How much is that MP in the window?

Sue Kedgley worries that there is nothing to stop our MPs selling themselves to the highest bidder. There is - so they'll have to do it quietly.

Sue Kedgley has an opinion piece in the Herald today asking whether the various "cash-for-services" scandals roiling the UK Parliament could happen in New Zealand, and suggesting that a lack of regulation of MPs behaviour here means the answer is "maybe".

In that piece, she writes:

In Britain, it is illegal for MPs to engage in paid advocacy for outside groups, or accept cash for parliamentary advice or services, under a code of ethics that governs MPs' behaviour in Parliament.

We don't have any similar prohibition or code of ethics in our Parliament. This means that if one of our MPs accepted money for asking questions in the House, or getting access to key ministers, they may not be technically breaching parliamentary rules or ethics.

This misstates things a bit. The "code of ethics" (actually, it's called the "code of conduct", but no matter) governing UK parliamentarians is just that - a code rather than a law. So it is not "illegal" in and of itself to breach that code - it's just that doing so makes MPs subject to the disciplinary powers wielded by the Parliamentary Commissioner for Standards and the Committee on Standards and Privileges

It is true that in New Zealand we do not have any similar code of ethics specifically saying that MPs can't take money to ask questions or the like, and nor do we have a Parliamentary Commissioner for Standards to independently examine and rule on the issue. But we do have the concept of contempt of Parliament, and Standing Order 407 specifically notes that "the House may treat as a contempt" any of the following:

(f) as a member, failing to declare, before participating in the consideration of any item of business, any financial interest that the member has in that business:

(j) as a member, receiving or soliciting a bribe to influence the member’s conduct in respect of proceedings in the House or at a committee:

(k) as a member, accepting fees for professional services rendered by the member in connection with proceedings in the House or at a committee:

(l) offering or attempting to bribe a member to influence the member’s conduct in respect of proceedings in the House or at a committee.

Any MP (or outsider) adjudged by the Privileges Committee to have committed a contempt could then be punished by anything from a censure through to a fine and right up to (notionally) as much as 3 years in jail.

So there would seem to be at least a mechanism available to deal with some New Zealand MP who (like those in the UK) agrees to "become the parliamentary advocate of a fictional solar energy company, for £144,000 ($287,000) a year" or accepts "thousands of [dollars from] a bogus lobbying firm that was seeking the readmission of Fiji to the Commonwealth ... [to table] questions to ministers about Fiji, and a motion calling for an end to Fiji's suspension from the Commonwealth." Of course, whether that mechanism is sufficient can be argued about - can we trust the Privileges Committee to deal with an MP accused of such matters in a suitably stern manner?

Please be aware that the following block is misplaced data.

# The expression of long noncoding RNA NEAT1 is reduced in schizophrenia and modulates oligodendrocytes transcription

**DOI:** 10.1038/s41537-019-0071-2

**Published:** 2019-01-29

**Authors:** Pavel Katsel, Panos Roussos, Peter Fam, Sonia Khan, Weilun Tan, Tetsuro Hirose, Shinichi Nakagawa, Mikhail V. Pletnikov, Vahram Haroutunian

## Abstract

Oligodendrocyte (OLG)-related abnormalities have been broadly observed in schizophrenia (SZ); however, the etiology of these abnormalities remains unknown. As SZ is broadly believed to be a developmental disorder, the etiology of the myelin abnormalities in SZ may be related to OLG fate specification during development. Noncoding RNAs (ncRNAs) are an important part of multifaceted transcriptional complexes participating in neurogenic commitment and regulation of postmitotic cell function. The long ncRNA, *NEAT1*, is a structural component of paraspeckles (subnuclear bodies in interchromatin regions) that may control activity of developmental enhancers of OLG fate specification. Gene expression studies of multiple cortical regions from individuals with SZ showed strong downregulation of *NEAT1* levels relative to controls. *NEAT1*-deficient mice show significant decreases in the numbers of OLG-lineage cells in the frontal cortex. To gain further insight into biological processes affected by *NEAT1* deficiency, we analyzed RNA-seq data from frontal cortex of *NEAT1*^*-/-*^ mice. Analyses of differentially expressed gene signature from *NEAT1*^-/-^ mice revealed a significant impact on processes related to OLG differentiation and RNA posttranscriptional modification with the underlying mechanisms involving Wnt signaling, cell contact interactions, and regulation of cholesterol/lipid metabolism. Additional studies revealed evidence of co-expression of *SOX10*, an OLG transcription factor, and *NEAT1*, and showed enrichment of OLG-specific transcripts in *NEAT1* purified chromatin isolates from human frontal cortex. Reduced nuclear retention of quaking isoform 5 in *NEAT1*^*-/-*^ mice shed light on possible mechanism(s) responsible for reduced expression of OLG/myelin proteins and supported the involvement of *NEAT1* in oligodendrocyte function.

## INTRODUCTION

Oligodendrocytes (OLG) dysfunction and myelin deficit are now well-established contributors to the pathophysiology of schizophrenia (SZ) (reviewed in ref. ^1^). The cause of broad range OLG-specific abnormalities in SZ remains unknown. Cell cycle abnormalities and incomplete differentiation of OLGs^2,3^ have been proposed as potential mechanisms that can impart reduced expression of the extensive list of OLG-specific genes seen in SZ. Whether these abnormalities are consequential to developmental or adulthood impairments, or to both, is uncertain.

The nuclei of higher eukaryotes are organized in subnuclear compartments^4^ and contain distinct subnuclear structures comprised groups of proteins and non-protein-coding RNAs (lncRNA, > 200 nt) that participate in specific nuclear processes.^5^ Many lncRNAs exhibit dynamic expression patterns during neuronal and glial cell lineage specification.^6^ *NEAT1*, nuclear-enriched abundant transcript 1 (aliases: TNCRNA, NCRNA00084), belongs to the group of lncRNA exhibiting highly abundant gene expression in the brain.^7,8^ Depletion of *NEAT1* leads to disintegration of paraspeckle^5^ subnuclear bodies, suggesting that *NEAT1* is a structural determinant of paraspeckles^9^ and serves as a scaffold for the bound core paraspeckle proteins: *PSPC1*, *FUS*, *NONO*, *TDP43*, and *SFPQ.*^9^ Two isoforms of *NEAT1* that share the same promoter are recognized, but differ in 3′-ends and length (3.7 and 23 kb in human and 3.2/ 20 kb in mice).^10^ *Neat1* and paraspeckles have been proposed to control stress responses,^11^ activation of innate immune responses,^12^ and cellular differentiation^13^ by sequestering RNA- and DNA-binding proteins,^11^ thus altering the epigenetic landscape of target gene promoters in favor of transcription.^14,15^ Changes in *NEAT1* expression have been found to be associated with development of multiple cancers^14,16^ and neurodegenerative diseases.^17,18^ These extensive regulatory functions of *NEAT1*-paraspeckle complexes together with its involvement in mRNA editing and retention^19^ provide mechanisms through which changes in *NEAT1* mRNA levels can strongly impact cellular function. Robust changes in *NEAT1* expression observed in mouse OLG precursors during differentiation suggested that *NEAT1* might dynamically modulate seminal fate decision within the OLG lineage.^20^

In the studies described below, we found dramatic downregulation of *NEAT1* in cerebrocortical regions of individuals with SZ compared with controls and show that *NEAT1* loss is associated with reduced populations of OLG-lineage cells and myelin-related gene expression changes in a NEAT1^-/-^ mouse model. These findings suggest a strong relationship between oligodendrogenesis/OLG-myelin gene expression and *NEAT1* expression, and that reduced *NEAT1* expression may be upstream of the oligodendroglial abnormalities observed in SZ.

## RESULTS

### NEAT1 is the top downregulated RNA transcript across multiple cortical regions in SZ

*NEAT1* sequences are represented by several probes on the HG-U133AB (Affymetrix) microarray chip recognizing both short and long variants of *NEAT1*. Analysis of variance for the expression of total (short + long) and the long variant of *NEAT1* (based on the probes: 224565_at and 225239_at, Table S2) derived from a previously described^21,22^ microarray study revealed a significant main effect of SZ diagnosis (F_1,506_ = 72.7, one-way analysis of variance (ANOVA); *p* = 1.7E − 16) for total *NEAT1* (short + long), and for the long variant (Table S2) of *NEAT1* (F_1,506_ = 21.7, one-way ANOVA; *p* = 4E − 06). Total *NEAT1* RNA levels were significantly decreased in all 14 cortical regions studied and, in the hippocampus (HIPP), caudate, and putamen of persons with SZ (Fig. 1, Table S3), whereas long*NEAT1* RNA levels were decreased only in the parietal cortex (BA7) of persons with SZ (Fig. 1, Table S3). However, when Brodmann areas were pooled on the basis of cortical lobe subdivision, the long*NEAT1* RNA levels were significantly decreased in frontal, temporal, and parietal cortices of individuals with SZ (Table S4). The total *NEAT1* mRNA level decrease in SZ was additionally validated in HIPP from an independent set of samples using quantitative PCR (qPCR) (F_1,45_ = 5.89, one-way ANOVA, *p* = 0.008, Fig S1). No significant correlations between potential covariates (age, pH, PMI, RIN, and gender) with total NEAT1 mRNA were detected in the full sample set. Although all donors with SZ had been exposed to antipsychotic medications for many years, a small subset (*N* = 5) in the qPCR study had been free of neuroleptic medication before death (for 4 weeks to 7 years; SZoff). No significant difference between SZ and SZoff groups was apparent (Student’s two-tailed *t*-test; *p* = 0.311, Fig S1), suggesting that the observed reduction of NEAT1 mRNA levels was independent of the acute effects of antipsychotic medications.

Then, in terms of the law, it is the UK Bribery Act 2010 that (possibly) applies to MPs in the United Kingdom who accept money for asking questions in Parliament or the like.  Just as here in New Zealand the Crimes Act 1961, s 103 states:

Every member of Parliament is liable to imprisonment for a term not exceeding 7 years who corruptly accepts or obtains, or agrees or offers to accept or attempts to obtain, any bribe for himself or any other person in respect of any act done or omitted, or to be done or omitted, by him in his capacity as a member of Parliament.

This is, of course, the offence that sent Philip Field to jail for several years when he accepted services from people whose immigration case he argued in support of. Just as would happen (I hope) to an MP who takes money in a direct exchange for (say) asking questions in the House on a particular topic.

So I'm not necessary saying that Sue Kedgley is wrong to call for greater regulation of lobbying activities in New Zealand. But any concern that there is nothing in place to stop New Zealand's parliamentarians replicating the worst excesses of their British counterparts is misplaced.